I had a difficult decision to make earlier this year, as follows:
- Deliver a keynote address to FE colleges at the Association of Colleges Annual Communications conference
- Go to SXSW in Texas (again) for my serious dose of professional development and time-out ‘thinking time’ (and Austin in the Spring – stunning *sigh*!)
- Speak at the annual Chartered Institute of Marketing Higher Ed special interest group conference (HEMIG)
- Or, head to Asia Pacific to speak at CASE APAC’s annual conference (and a couple of other events ‘out East’)
Tough call, hey? AoC and CIM events would give me great exposure in my home territory, but then I already do a LOT of speaking at conferences in the UK, and perhaps folk there are a little bored of hearing from me (?). SXSW has had me for the last two years as a delegate and is a truly awesome event and great thinking time for me. But then the East was calling too, and since Asia is such an important part of the world for those of us in the West to be aware of, and Australia poses such competition to European HEIs, I decided to head East instead. So, here I am writing this blog from a hotel room in Singapore, having just flown on from last week’s CASE APAC conference in Hong Kong (and shortly on my way to Australia where I’m going to be running a social media workshop for Australian universities next week). As I write this I have an eye on a tweetchat screen checking out what I’m missing at the CIM conference (#hemig5) and, as much as I would love to be there, I am so pleased I made the decision I did. And so, I can’t help thinking that more European organisations should be investing just a little bit more budget to send their advancement professionals in an Easterly direction to really start to understand this crucial region.
While I found that many of the Asian organisations in particular were really just beginning their journey with social media (what I was there to talk about – see my presentation here from the main conference), I certainly didn’t find them ‘behind’ in any other areas. The cultural insights I have taken away from that conference are so valuable and insightful. And the real enthusiasm and belief in what they are doing really rubbed off on me. Tricia King from Birkbeck Uni was also there and in an opening to another session commented on how ‘gloomy’ the HE sector can feel in the UK at the moment. I couldn’t agree more, and I must say that getting out of there for a bit and coming to see education and the impact it has on those who work in it and those it serves in the rest of the world, has been an absolute inspiration and left me feeling energised and ready to take on the world (albeit a very jet-lagged one).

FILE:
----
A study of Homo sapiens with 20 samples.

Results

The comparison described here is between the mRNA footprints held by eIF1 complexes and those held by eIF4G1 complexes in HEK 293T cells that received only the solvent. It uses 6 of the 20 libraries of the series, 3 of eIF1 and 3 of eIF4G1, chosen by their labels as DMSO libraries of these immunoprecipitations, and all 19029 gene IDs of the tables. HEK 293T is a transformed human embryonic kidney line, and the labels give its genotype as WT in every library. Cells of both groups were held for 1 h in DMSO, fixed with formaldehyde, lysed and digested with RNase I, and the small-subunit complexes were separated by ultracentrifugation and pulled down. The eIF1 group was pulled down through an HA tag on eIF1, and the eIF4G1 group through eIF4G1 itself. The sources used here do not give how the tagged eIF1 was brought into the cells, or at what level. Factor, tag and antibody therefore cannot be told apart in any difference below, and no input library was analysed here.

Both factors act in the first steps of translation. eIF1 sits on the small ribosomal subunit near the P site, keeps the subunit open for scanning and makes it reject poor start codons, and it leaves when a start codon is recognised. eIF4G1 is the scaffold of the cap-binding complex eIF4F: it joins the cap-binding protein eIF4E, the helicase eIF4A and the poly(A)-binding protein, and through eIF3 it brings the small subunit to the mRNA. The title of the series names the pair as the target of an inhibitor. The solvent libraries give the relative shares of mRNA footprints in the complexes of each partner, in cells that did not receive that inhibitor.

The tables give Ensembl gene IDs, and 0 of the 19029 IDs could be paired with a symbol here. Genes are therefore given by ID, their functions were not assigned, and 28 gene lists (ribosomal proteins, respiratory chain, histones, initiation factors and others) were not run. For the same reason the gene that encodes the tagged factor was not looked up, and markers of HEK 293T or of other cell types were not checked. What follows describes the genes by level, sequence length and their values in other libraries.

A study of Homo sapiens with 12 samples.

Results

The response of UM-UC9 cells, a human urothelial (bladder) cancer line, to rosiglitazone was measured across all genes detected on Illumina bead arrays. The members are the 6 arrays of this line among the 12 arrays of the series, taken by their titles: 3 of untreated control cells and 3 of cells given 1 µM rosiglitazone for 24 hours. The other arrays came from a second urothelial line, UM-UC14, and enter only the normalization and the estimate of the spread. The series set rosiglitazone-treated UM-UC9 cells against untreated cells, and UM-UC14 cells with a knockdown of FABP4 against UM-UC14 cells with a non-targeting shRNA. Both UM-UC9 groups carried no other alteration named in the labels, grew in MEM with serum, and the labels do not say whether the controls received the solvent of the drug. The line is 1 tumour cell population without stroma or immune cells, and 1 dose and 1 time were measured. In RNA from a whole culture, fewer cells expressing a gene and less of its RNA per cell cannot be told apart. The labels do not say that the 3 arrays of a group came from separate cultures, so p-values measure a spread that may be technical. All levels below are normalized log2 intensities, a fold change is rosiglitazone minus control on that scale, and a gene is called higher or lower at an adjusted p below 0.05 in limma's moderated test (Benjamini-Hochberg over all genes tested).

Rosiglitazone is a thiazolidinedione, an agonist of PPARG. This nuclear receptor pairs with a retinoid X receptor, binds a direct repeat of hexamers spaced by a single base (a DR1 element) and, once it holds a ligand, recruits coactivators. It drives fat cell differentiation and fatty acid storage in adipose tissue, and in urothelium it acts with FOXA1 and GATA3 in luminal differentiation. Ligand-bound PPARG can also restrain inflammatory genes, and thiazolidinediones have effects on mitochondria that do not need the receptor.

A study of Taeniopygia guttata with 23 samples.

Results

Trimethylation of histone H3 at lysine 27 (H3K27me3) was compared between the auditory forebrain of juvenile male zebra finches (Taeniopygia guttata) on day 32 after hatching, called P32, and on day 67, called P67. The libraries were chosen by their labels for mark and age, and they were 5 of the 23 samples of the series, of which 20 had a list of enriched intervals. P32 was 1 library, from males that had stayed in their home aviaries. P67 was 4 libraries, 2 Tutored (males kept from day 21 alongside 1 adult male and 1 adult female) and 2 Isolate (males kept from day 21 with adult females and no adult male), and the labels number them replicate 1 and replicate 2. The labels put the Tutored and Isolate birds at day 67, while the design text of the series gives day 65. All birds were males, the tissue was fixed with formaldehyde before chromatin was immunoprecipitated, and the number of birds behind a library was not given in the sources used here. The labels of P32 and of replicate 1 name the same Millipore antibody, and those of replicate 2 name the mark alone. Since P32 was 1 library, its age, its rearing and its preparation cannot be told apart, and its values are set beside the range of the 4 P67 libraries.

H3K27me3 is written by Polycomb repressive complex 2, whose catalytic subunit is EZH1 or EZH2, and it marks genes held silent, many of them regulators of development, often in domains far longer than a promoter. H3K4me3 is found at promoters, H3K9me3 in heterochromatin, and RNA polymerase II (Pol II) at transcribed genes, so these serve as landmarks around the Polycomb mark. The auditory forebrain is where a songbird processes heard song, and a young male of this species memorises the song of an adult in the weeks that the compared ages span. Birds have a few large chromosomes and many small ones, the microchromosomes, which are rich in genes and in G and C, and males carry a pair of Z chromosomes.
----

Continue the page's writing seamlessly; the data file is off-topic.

In an exchange on Twitter with someone from the UK, it was commented that their organisation would never stump up the budget to send them to an event like CASE APAC. I hear that kind of thing a lot. But I would just like to make the point that I don’t earn a vast amount of money, and as a proportion of my annual turnover, my financial commitment to coming out on this trip is significantly (significantly – I feel the need to emphasize this point!) more – percent-wise – than any investment a university would be making to send a member of their staff out (who could also then return and conduct a thorough debrief with their colleagues, thus also helping others). Yes, this is an investment in my knowledge and professional development, and thus in my company (I didn’t come on this trip with the objective of winning new business though), but so too should universities be making those kind of investments. So many HEIs claim to be global institutions these days, or with a global outlook, and yet I come across very few marketing and communications folk that are ever allowed the time and opportunity to learn from their counterparts in other parts of the world. Shame on you, HE, shame on you. How can we call ourselves global if our staff are, at most, only ever allowed to London, Manchester, Birmingham or, if we’re really pushing the boat out, Edinburgh. I’ll continue my commitment to learning from the rest of the world for the benefit of myself, my clients and education as a whole. I really hope some of you may join me too.
I very much hope that this is just the beginning of my relationship with, and work in, the education sector in Asia Pacific. There’s a lot to be done, and I’ll be over in a hurry if the opportunities arise. There are some folk out here that I would just LOVE to be working with.